Why we should keep our flags flying

2010-06-28 00:00

IN a slight rewording of a popular forties song, one might justly sing “Where have all the South African flags gone?” when speeding down any road in our country. When South Africa lost spectacularly to Uruguay two weeks ago, it seemed that Bafana Bafana fans were not the only thing that left the building.

I heard of masses of people tearing down the South African flags one has become so accustomed to seeing, but I was not prepared for the overwhelming evidence that presented itself. These days the national flag on a car is at times noticeably outnumbered, and one can see why. Although we have had time to recover from the Uruguay debacle and the loss of our beloved Itumeleng Khune, it seems that the country is still reeling and many folk I have spoken to seem to regard the still fully fledged World Cup fanfare as a cruel reminder of a national pride that was lost in that game.

I was at the Sandton fan park when it happened. I screamed myself hoarse, first cursing Parreira and our players during the first half and then the “bloody clock- winding, Toblerone-making, good- for-nothing ref” for the next three days (no offence meant to any Swiss visitors — you must understand that I was in a highly emotional state). I have never regarded myself as a sport fanatic or anything more than an ambivalent spectator, and so I was truly surprised at the keen sense of disappointment that flooded my system after each one of Uruguay’s goals. I felt crushed, heartbroken. It was the exact opposite of the overwhelming joy I experienced after we scored that goal against Mexico.

Curiously, not many people I spoke to have seen our lovely victory against France last week as a redeeming feature in our World Cup performance. I myself am on the fence with this one. I was surprised and delighted when we beat France, but the humiliation of our boys at the hands of Diego Forlan still loomed large in my mind. Why is it that we have reacted in this way? Almost everyone, including me, confesses to suspecting that we would not get very far in the tournament, and yet we mourn our knockout with the gusto of defending champions. My friend Megan puts it eloquently. “We knew our team was going to lose sometime, but the hype in the media was so great that we suspended our disbelief, and now we feel stupid and naïve because of that.”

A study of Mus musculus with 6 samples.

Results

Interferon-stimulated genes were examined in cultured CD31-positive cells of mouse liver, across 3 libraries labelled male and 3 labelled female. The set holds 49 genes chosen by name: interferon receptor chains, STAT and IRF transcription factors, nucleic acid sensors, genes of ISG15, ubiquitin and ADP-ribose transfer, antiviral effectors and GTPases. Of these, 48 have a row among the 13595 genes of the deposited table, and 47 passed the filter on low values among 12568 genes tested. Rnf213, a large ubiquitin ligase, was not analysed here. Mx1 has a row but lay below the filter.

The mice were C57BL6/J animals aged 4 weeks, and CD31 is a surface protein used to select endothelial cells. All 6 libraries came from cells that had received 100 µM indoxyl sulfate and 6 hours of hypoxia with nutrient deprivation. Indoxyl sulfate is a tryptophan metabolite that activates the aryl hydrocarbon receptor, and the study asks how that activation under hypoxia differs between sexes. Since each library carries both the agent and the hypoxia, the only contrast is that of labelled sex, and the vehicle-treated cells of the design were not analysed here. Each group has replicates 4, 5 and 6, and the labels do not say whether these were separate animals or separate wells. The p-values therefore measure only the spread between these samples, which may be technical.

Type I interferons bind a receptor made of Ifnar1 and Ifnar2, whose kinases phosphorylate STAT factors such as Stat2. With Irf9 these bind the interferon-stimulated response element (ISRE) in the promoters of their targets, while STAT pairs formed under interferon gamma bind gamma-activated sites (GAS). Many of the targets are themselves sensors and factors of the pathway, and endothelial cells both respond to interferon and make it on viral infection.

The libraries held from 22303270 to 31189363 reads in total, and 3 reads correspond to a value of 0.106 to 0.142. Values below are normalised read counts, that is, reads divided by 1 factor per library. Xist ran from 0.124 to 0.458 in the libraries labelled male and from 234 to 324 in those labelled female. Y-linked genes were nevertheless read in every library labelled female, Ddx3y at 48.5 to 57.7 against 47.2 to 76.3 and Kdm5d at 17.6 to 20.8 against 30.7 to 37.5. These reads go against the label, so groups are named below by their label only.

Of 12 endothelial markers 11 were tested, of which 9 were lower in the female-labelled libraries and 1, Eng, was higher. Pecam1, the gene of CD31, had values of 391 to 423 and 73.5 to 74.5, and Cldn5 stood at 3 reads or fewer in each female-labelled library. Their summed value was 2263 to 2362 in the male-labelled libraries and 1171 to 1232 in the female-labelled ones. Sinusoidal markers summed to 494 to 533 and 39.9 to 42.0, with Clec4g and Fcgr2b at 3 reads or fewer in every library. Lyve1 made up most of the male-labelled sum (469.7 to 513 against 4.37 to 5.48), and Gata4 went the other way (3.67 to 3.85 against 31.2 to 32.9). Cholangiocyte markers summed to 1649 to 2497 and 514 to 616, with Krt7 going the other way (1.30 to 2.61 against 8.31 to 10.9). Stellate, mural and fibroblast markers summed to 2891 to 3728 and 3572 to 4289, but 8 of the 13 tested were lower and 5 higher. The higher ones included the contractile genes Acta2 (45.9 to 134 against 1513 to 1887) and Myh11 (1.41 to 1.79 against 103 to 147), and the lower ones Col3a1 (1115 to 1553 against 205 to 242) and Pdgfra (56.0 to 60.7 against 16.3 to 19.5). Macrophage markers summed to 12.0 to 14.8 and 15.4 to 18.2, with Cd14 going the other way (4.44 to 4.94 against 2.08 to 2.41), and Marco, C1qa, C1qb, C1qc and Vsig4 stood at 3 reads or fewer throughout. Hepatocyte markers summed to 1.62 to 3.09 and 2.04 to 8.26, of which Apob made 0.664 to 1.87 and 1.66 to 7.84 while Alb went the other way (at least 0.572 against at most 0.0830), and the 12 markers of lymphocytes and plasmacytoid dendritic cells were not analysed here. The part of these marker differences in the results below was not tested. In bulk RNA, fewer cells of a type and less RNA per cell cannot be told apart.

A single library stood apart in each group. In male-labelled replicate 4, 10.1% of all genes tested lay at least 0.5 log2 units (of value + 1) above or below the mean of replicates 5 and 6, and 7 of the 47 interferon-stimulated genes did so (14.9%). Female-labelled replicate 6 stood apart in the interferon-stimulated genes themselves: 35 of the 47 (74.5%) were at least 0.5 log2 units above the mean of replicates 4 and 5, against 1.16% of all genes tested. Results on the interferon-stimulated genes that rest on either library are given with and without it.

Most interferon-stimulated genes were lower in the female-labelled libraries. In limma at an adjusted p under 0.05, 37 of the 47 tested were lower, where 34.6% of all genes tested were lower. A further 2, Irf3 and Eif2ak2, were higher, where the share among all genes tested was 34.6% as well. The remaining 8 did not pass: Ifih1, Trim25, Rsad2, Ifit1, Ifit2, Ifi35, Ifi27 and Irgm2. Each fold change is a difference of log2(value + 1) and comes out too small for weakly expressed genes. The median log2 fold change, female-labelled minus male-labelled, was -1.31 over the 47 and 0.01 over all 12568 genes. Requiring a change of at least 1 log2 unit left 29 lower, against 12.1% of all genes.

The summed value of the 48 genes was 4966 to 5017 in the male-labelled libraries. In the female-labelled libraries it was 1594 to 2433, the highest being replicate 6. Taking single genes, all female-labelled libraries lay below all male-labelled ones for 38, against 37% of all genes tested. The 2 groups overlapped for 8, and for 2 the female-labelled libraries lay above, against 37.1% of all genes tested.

The proof of her words is in the pudding. These days I can drive to the mall and back without spotting one South African flag on a quiet day, which was a mission impossible just a couple of weeks ago. So is that it then? We tried, we failed, no use crying over spilt milk? Perhaps not. But what is the alternative?

I think my sister, Jesse, has the right idea. When I asked if any flags had come down in her house or car she exclaimed: “Of course not. I didn’t have the flags up for our team in the first place. They were up because it is an honour to host the cup, whoever wins, and I am proud of us for doing that.” Her words reminded me of a memory from the Sandton fan park that had previously been overshadowed by all my shouting at the ref: a moment before the game started when one of the more well-known adopted anthem songs, Wave Your Flag, came on. There must have been 20 000 people standing in front of that screen, and every voice was singing and every arm was waving either a flag or a vuvuzela in time to the music. It was a wonderful, inspiring moment of the kind of togetherness we South Africans are famous for but seldom experience in our day-to-day lives.

This last option seems the best. We have all this patriotic pride and a whole bunch of vuvuzelas still lying around, why not put them to good use? After all, to err is human, especially for Bafana Bafana (or Bafana Banana, as I have taken to calling them) but to sit back and be glad of the awesome opportunity to host this event feels simply divine.